Ten minutes. Sometimes five. That's how long his rapture lasts.
Ten minutes. Sometimes five. That's how long his rapture lasts. From the beginning in the Prologue, his look is somehow solemn, joyful, his glances over there, where he expects her to appear, register things as he wants them: the street, its mood suffused by a recent shower, which will set the scene of hands sinking into each other, intimately. The reflection of buildings on her photochromatic lenses and later – their paling in the shade of the room where her eyes will appear, black as cherries, enough to lose a man in their blackness, sweet, melting. The clock steadily counts the seconds of the first minute like cherry stones and spits them on the pavement. At the third, mostly at the fifth, doubts begin, he reminds himself of the place, the agreed time, compares the facts – and somewhere in the middle of the sixth, his toes mark the first nervous taps. The seventh brings the first reproach for the no show. The curtain rises on the next act. Gradually, the black eyes lighten, already they are not so dark, become brown, matt brown, impassable, alien. And they become like all other eyes, sending out glances in the street. This is happening, while she is trying to hold for the green traffic light a hundred metres further down. His fingers tap out the number of her mobile phone to give her one last chance to restore his image of the cherry blackness of her eyes. And just as she hears the insistent ring tone of the man with a special place in her phone book, the light changes to green. She hurries to catch up the lost minutes. When she arrives at the end of the tenth, Reproach has appeared on the stage. He is cloaked in an impenetrable sulk and if at all possible doesn't look into her eyes which peep from behind her photochromatic lenses. Yep, I say, his rapture lasts ten minutes.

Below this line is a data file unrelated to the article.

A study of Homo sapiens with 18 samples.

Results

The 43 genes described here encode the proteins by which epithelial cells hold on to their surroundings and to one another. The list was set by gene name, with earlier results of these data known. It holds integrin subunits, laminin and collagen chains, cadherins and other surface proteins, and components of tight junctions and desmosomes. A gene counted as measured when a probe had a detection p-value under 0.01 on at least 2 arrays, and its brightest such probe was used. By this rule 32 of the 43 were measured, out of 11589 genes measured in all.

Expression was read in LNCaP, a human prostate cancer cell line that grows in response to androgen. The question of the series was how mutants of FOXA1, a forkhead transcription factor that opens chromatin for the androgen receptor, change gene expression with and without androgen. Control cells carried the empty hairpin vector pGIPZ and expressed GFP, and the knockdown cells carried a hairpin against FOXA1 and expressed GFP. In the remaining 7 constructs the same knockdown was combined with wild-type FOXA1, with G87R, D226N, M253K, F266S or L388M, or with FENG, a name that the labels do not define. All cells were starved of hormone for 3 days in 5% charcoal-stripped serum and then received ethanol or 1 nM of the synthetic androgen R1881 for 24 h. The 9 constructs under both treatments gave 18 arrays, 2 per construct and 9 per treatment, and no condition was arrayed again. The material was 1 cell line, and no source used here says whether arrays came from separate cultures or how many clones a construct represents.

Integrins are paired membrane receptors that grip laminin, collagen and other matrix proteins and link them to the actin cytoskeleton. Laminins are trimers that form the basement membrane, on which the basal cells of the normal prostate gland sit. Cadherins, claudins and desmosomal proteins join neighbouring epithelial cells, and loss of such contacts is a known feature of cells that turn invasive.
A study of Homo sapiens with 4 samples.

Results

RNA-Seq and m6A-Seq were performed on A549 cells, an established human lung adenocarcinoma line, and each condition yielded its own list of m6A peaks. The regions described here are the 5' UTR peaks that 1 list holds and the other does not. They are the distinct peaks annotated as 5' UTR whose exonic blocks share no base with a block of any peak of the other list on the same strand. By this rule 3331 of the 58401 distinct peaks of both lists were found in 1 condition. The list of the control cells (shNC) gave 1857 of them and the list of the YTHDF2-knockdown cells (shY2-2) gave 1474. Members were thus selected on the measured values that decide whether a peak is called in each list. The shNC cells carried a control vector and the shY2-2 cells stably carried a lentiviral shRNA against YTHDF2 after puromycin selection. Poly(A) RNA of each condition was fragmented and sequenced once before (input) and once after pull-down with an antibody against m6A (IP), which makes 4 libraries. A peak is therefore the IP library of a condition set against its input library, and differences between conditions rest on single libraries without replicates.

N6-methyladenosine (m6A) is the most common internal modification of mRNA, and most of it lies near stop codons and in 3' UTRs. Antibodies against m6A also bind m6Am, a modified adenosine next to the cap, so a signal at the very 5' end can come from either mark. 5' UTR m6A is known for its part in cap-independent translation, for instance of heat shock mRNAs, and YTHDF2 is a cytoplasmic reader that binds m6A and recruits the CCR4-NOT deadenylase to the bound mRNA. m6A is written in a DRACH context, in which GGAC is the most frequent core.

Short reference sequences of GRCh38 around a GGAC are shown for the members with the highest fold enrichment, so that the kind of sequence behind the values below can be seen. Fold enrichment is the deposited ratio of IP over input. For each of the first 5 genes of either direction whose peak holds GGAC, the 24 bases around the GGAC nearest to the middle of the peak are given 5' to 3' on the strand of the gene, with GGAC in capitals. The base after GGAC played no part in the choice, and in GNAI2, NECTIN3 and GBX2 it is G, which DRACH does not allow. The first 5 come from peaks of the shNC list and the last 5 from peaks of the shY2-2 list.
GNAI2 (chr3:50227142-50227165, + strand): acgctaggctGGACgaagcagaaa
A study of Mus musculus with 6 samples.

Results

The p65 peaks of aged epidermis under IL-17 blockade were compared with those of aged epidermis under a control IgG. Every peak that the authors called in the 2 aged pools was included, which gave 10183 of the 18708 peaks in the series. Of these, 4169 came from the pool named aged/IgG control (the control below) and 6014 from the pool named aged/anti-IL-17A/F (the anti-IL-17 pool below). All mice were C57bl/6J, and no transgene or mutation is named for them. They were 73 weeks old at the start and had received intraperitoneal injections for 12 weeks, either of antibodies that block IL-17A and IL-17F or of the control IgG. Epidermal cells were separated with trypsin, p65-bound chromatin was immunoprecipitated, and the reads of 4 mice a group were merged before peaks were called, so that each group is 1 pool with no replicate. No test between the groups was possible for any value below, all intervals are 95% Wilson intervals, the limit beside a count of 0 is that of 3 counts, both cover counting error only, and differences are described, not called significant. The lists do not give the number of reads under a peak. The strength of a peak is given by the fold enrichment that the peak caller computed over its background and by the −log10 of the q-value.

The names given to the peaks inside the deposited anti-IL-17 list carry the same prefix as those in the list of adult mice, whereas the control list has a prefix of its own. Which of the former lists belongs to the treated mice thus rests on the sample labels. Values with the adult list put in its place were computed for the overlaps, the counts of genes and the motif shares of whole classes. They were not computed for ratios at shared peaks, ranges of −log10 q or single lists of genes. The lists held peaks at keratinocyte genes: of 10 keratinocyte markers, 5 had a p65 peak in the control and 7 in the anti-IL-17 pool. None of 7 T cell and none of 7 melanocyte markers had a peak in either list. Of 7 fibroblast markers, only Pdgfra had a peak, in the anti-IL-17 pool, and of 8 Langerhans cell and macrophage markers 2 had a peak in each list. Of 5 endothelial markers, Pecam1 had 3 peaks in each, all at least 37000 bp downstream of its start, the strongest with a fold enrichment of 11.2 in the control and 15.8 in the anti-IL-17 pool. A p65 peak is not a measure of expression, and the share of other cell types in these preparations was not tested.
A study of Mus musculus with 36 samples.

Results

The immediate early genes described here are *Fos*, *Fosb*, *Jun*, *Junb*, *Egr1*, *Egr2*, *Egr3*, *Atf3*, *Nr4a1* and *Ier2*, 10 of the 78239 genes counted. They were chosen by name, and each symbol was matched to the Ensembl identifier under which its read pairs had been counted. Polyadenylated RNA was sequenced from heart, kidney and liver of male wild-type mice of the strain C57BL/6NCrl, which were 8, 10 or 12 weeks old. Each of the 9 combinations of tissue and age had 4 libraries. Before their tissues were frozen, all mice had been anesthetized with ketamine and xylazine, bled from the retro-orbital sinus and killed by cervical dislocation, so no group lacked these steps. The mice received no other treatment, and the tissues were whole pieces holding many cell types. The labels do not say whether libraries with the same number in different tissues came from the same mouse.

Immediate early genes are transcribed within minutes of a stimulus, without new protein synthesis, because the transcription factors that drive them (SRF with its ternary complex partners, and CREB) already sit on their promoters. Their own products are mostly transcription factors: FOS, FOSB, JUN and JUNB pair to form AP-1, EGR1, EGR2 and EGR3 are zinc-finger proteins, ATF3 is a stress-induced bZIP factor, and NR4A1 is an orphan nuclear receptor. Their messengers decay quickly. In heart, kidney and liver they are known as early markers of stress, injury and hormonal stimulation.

"What are you drinking?" he asks in the café a little later, his voice still coated in hurt, disappointment with me while I am wondering where to put my jacket, my bag, my very self. However, while I am wondering where to put myself, somehow I don’t feel guilty. While I meekly stir the sugar into the black tea, still there comes no feeling of guilt. I mean, don't women wait and wait, I begin to ponder. Every woman has her Penelope element. And why don't men wait sometimes or will that emasculate them?
And since man's love lasts just so long, I ask myself, without him can't one write at least one novel?
Yanitsa Radeva was born in Yambol. She graduated from Sofia University St. Kliment Ohridski with majors in Bulgarian Philology and Literature. Her book Another Rhythm (2003) was published as a result of a national competition in 2002. Her work appears in anthologies of essays and poetry. She is also a columnist for Literaturen Vestnik. She lives in Sofia.